DSG | Discipleship Study Guide | Vineyard Boise

Praise | Psalm 57:7-11

disciplines logo_3THURSDAY
Reflection 9 of 35

Reflect
My heart is steadfast, O God,
my heart is steadfast!
I will sing and make melody!
Awake, my glory!
Awake, O harp and lyre!
I will awake the dawn!
I will give thanks to you, O Lord, among the peoples;
I will sing praises to you among the nations.
For your steadfast love is great to the heavens,
your faithfulness to the clouds.
Be exalted, O God, above the heavens!
Let your glory be over all the earth!   Psalm 57:7-11 ESV

ReceiveAWAKE_practices
Teachers with a classroom of students, comedians with a Friday night crowd, and worship leaders with a sanctuary full of potential worshipers can have one thing in common: they can often feel they are vainly trying to wake the dead. Or like jump-starting a car with a battery long dead. Without jumper cables. Public worship can so easily drop into routinizing ruts of habit and going through the motions. Many stay away from public worship for the very reason that it’s felt to be forced or artificial, and so they seek more private and spontaneous expressions. But it really isn’t a question of either/or. It really is, or can and should be, both. A life filled with the practice of private worship and devotion will naturally spill over into public settings, whether of a living room filled with a small group singing its heart out or a sanctuary filled with several hundred congregants. That’s the progressive enthusiasm I hear in this Psalm – a psalm set in the historical context of David hiding in a cave from Saul; worship issues from a spring flowing from something deeper than our circumstances. The inner spring of David’s joy results in a steadfast heart that praises God in the darkness of a cave; a joy that then “awakens the dawn” as David finds himself dancing among peoples and nations. Worship moves. And the practice of public worship provides us with an opportunity to experience a divine revelry that loses consciousness of what others who witness us might see or say. I can sit in quiet reflection, basking in His love or I can leap and dance; I can stand with hands raised or lie prostrate on the floor. That is both the fruit and the root of this practice: freedom to be who I am in Him because of who he is and what he’s done.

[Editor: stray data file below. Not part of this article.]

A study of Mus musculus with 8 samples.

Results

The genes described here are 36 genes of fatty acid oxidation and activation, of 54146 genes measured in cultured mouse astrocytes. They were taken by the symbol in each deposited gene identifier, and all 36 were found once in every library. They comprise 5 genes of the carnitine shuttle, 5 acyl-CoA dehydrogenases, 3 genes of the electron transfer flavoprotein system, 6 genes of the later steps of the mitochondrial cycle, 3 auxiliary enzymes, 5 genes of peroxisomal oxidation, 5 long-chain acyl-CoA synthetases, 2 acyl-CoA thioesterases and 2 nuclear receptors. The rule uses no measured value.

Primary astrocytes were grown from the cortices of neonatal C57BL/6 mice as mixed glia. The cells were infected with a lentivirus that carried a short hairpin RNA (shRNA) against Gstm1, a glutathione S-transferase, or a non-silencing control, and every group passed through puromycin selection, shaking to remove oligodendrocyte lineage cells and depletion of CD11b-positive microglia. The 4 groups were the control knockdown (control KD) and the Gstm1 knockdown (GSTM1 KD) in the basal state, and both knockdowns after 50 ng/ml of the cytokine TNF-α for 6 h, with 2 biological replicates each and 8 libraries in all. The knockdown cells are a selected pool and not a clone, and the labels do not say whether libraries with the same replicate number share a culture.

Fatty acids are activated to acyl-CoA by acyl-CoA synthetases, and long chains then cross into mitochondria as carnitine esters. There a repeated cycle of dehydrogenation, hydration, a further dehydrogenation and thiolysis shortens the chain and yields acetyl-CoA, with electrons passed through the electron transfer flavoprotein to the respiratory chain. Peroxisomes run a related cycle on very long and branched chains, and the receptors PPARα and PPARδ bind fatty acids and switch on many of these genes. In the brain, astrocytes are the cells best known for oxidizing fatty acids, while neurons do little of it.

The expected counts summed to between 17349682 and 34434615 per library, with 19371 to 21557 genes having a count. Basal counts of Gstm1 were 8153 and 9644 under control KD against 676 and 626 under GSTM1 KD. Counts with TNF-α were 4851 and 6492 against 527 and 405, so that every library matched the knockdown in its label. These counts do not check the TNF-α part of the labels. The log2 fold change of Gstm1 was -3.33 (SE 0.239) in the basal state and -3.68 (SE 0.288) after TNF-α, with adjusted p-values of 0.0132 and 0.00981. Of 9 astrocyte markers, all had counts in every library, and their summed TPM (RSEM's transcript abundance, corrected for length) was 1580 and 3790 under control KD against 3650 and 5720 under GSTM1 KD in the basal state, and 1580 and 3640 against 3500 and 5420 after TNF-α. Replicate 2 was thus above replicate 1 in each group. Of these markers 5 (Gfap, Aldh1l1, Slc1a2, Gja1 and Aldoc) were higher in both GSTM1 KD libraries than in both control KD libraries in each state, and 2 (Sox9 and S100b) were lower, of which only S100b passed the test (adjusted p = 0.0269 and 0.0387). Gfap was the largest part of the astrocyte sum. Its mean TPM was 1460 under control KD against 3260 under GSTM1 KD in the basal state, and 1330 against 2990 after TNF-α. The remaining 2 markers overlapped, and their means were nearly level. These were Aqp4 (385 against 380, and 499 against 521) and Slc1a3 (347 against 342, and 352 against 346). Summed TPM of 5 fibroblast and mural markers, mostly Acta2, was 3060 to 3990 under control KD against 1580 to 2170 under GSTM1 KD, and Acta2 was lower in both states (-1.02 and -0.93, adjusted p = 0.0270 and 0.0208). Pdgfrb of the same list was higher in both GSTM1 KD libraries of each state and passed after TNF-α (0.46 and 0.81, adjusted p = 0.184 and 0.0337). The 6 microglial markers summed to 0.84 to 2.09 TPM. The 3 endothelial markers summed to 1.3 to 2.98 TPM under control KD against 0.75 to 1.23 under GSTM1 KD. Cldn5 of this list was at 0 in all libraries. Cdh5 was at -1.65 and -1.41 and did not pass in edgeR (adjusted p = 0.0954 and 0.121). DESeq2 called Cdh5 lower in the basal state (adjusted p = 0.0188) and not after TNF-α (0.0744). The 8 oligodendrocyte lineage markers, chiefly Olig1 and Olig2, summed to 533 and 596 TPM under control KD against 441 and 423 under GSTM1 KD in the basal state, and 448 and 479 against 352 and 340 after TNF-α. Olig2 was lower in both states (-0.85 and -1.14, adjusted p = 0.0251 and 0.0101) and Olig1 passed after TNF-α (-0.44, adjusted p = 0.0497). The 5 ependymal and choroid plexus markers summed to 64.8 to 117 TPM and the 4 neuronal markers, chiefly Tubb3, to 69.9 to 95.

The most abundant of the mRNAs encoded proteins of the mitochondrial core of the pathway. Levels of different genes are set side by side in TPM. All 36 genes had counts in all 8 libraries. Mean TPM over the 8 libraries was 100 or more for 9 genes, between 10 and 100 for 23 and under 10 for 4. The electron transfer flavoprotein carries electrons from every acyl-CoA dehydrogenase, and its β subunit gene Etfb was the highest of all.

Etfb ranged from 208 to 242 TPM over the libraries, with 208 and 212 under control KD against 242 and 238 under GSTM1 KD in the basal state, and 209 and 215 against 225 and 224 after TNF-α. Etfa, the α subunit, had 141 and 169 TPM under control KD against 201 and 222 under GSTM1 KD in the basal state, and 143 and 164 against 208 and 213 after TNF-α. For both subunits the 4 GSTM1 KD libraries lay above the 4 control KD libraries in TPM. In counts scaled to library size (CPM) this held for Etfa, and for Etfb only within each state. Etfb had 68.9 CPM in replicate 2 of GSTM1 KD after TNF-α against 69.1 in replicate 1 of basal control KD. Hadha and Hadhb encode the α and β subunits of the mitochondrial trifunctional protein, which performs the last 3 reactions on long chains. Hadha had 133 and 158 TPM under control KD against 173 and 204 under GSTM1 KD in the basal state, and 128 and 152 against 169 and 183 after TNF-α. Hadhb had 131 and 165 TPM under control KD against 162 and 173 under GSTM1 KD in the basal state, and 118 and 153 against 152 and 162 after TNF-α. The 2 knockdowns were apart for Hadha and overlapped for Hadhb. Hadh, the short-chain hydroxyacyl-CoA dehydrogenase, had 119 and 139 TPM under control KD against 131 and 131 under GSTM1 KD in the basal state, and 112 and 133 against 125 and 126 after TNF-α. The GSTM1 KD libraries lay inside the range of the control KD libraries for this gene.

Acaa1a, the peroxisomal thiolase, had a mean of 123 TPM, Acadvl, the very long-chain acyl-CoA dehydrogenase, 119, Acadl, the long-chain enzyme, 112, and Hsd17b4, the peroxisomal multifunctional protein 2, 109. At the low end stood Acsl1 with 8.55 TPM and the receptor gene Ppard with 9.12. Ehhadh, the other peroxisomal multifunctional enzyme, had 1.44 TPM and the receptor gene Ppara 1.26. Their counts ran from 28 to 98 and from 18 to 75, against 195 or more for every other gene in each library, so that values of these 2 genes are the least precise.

Relate
Where do you find worship “happens” most naturally for you? Public settings? Private places? Why?

Respond
Pray
Lord, set my heart free to respond to your movements in uncalculating worship and adoration. Let it be less about exterior settings and circumstances, more about the fact that you are here, that you have spoken, that you have come and acted on our behalf. Through Jesus.

Practice
You are probably well-versed in the practice of ignoring impulses to sing to dance, to jump, to kneel in public or private worship. Intentionally embrace and unleash just one of those impulses.

For all of this week’s resources for this new series on Spiritual Disciplines including this week’s DG video, check out the Vineyard website.